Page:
I came across a great presentation by Phil Nottingham from a conference called MozCon. Phil discussed some of the flaws behind the current strategy for using video as content, and I thought his advice was applicable to anyone who is creating content for teaching purposes - e.g. Salesforce Admins or consultants who are in charge of training.
Why do we make video?
Sometimes, we just want to create a video because video is impressive. So we approach the video creation process by saying, “I want to make a training video… what should I make it about?”
What we really need to do is start out by asking, "What do we need to improve?" And once we've identified what we need to improve, we then ask, "What's the best way to do that?"
If it's determined that a video is the best way to help your end-users and/or successors, then make a video for them. But if there is another medium that would be better suited, use the other medium.
The important thing to remember is that all of your training content is meant to help your end-users, so you need to create training content with that purpose in mind. Use the medium that will best help them understand/learn/do what you need them to understand/learn/do - not the medium that you think is the coolest.
3 reasons video would make sense
Video can be a great supplement (or replacement) to live trainings that you conduct. In my opinion, it is great for accomplishing these three goals:
- Making end-users more comfortable
- Explaining overall concepts
- Introducing new features and workflows
Let's go through these one-by-one.
Reason #1: Make end-users more comfortable
Some of your end-users might see Salesforce as a confusing mess. They don't know what it does or how they could possibly get started using it - so they don't ever log in.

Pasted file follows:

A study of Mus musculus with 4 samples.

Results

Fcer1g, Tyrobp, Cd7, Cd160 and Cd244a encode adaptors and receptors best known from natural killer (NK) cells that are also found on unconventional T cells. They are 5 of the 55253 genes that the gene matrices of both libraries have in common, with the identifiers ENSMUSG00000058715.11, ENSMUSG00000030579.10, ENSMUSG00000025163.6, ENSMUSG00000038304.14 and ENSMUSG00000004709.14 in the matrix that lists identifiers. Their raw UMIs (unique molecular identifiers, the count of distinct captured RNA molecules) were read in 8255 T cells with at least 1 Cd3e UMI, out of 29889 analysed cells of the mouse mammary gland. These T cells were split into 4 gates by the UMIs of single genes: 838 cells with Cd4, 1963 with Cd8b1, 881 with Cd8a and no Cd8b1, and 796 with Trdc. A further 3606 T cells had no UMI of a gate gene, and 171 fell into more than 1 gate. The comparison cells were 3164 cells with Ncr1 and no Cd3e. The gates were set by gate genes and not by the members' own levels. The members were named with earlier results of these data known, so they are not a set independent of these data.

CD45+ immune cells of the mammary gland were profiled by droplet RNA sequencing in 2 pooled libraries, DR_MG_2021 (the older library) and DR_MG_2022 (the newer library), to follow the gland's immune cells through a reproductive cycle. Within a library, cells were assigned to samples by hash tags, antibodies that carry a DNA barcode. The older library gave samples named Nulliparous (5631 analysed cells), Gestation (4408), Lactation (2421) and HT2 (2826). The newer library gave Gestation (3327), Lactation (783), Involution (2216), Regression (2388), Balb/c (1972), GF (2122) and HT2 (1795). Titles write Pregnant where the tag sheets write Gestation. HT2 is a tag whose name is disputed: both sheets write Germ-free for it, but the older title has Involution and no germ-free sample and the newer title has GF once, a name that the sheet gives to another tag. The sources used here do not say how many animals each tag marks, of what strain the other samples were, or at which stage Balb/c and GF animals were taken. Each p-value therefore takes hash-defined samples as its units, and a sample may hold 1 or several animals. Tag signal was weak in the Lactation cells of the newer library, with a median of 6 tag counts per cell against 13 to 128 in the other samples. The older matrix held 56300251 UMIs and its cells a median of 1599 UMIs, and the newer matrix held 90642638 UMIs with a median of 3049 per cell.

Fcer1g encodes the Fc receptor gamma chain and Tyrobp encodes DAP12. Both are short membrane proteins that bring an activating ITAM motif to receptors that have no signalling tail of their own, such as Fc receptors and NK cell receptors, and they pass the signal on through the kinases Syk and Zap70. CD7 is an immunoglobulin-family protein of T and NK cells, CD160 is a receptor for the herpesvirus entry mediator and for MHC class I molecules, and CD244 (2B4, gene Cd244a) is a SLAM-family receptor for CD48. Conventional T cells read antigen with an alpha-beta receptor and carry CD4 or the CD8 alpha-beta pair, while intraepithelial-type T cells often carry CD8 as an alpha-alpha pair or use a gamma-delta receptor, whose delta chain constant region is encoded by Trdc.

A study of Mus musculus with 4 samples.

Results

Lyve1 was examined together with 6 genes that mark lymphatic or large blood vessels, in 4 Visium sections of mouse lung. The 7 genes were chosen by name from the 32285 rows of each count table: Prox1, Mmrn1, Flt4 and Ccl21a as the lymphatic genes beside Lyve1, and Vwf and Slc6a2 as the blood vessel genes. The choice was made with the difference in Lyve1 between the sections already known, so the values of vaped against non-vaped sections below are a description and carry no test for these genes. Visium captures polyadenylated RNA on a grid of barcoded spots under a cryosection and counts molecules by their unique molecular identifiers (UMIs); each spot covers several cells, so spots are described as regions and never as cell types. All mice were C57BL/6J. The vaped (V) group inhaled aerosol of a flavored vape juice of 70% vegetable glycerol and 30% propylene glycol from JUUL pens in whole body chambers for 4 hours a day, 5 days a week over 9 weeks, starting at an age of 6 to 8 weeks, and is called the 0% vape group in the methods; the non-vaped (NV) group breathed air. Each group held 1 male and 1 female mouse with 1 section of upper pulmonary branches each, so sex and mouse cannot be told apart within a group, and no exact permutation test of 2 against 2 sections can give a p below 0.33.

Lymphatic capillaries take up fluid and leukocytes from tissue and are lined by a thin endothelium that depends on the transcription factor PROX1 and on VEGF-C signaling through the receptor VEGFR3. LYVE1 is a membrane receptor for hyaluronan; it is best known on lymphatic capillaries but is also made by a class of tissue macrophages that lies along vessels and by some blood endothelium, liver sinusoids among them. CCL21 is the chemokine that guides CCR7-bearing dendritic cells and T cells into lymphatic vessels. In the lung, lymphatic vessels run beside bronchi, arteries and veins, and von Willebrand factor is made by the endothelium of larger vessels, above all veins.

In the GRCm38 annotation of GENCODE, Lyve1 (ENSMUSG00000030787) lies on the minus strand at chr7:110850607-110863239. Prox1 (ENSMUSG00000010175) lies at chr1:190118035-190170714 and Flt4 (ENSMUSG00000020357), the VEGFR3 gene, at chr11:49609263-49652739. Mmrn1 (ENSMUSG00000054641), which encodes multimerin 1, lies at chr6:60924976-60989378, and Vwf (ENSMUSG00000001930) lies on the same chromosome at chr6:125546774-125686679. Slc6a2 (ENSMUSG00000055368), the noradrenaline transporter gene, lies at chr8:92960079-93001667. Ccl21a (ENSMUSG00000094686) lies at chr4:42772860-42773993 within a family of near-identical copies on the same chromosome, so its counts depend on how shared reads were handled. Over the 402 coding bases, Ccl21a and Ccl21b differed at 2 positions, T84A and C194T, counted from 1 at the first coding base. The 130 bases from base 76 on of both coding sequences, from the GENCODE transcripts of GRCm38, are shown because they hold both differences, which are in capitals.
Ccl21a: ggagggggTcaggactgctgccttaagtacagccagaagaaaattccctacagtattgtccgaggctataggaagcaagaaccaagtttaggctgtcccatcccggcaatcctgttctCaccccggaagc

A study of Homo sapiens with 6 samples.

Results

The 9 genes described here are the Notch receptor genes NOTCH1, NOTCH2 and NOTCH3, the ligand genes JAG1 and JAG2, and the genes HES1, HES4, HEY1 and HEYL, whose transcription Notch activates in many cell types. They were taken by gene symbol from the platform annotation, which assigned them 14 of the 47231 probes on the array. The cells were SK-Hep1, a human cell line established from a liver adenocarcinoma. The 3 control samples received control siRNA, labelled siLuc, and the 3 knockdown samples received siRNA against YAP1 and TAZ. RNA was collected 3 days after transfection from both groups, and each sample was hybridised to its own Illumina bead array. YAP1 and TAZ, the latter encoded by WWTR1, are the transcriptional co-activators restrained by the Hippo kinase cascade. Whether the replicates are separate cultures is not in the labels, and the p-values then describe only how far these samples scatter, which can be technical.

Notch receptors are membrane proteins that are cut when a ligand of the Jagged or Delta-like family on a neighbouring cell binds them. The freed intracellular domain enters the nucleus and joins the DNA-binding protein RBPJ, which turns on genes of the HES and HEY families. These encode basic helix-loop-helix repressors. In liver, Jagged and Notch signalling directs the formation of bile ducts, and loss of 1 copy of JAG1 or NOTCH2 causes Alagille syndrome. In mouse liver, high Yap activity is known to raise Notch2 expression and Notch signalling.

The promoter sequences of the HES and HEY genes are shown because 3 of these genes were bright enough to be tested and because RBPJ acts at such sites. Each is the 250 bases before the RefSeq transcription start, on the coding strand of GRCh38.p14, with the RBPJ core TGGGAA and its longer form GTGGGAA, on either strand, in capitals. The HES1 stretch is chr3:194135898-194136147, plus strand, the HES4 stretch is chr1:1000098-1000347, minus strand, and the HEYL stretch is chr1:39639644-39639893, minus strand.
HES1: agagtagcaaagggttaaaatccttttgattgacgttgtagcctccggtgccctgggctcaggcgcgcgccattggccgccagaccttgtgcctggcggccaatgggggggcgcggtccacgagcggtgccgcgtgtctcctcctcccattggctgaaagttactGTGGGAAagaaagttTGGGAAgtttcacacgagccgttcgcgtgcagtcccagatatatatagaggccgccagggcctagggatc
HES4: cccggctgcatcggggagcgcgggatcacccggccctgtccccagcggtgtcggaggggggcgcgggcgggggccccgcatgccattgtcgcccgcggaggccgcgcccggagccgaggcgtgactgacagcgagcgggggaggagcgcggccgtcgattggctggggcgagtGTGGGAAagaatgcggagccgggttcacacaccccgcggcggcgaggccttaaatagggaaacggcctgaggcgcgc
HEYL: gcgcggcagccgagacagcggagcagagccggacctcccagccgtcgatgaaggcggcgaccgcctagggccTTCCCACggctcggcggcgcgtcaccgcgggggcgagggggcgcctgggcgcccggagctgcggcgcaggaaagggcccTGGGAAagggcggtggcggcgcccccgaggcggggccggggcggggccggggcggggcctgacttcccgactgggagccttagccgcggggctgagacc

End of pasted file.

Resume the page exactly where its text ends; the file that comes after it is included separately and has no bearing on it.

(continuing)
To help some of your end-users become more comfortable using Salesforce, you could make some intro videos with friendly titles such as, "Getting Started with Salesforce" or "How Salesforce will Make your Job Easier."
The purpose of the video tutorials is to make Salesforce approachable. You don't need to go into great detail about how to do everything in Salesforce - you just need to show some basic workflows that demonstrate how easy it is to do a task.
For some tips on making support videos, check out the tutorial from Wista.com below. If you have the budget (and the time), you can make polished videos that include footage of you talking as well as screen recordings.
Although I haven't personally incorporated live action video in our support videos, I think it is a great touch and something we look to do more of in 2014. (Note: I don't agree 100% with Wistia in that support can all be handled with video - my view is it's one tool in the tool box.)
Reason #2: Explain overall concepts
If your end-users are having trouble understanding the big picture, overall workflows, or concepts, then an explanatory video might be a great option. This is also effective for times your users don't understand the value of Salesforce - you can show them the possibilities and benefits.
To make this type of video, just create a PPT (or Keynote) slide deck, and then record the presentation with Screenflow, Screenr, Camtasia, or some other screen recording application. I personally use Screenflow, so that's the only one I can recommend - but I've heard the others are also good.
You can also add screen recordings of workflows to show the concepts in action.
Reason #3: Introduce new features and updated workflows
When you roll out new features or implement new apps, a video overview is a great way to communicate the update. A link to the video can be shared in Chatter or in a newsletter.
Again, the purpose isn't to explain how to do anything - you just need to demonstrate the what. I personally think that video is very difficult to learn how to do onscreen processes because I constantly have to hit pause, rewind, and play to follow along. Video is great for the first time, but after that it gets in the way.
What's the best medium?
Technology for creating content has lost a bit of its shine, which is actually a good thing. Now we're all starting to understand that we need to match the message with the medium, and not just make whatever type of training content we think is fun.
Sometimes, the best medium is going to be a video. Other times, the best medium is going to be a live training, a Chatter response, a screenshot based job-aid, or an email. The key to creating the right kind of training content is to begin by asking, "What am I trying to improve?" and then asking, "What's the best way to improve that?"
Images provided by Phil Nottingham from his MozCon presentation. See slideshare deck.